Next, on our virtual world tour of NetBeans Platform applications, we travel to the Middle East. Here we find a software package that is used for managing a municipality's water, waste water piping, and water subscriptions. In short, a water management system.
Here's a screenshot, with some nice Arabic script, proving the NetBeans Platform's support for Arabic (as well as Persian and Hebrew). Click the image for a closer look:

My basic Arabic comprehension tells me that the title bar includes the word "mudeerait", meaning "managers", which is unsurprising in this context. Also, below the graph image, one of the words is "faktuur", which is the same in Dutch, meaning "receipt"!
The application is based on the NetBeans Platform, Derby, JasperReport, Java CSV, and other open source projects.
Some more info about what this application does:
There are several companies that install the pipelines and water distribution subscriptions to people's houses. For example, when a new block of houses is going to be built, the company takes the water distribution pipes to each house of that new block. The software manages the entire process, from when plans are being prepared down to following consumer complaints about broken pipes and so on. The software does the same task for installing sewer pipes to newly created houses, city sectors, and so on.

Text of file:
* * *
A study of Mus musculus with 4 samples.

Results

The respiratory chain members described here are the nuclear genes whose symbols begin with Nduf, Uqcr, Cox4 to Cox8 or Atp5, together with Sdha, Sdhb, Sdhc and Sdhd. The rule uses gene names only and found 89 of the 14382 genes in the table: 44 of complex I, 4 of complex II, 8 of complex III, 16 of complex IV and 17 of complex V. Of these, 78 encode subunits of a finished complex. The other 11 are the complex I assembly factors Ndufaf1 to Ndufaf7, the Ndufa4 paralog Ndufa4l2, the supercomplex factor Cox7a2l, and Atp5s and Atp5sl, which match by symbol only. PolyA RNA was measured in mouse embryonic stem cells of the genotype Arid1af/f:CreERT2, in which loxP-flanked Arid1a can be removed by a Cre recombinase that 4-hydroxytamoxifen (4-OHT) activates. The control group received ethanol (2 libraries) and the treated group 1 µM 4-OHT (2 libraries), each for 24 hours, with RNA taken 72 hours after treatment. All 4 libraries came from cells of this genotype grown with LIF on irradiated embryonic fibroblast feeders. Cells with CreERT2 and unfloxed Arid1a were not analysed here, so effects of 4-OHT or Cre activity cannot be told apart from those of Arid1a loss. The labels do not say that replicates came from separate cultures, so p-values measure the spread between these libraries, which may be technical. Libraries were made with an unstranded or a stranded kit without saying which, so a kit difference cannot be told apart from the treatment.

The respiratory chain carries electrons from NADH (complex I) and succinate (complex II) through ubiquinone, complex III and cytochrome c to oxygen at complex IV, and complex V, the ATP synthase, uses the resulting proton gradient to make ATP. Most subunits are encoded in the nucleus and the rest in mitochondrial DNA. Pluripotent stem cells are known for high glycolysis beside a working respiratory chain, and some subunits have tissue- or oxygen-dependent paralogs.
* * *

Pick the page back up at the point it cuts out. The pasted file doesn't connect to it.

The software is developed for the company that manages multiple contractor companies that do the actual job of installing the pipes. Before this software, they had many Excel spreadsheets and some old software that didn't do a good job of managing the contractors and pipes. With this new system, all of those separate Excel spreadsheets and software systems are superfluous and this single software package manages all of the requirements in one go.
Since it is developed on top of the NetBeans Platform, the company can add new functionalities in the form of plugins and very easily distribute them to all the branches of the customer companies, simply by sending an updated NBM file or by updating the system through the central server, which also hosts their Derby database server.
Cool. Isn't it interesting to see the NetBeans Platform applied in this context?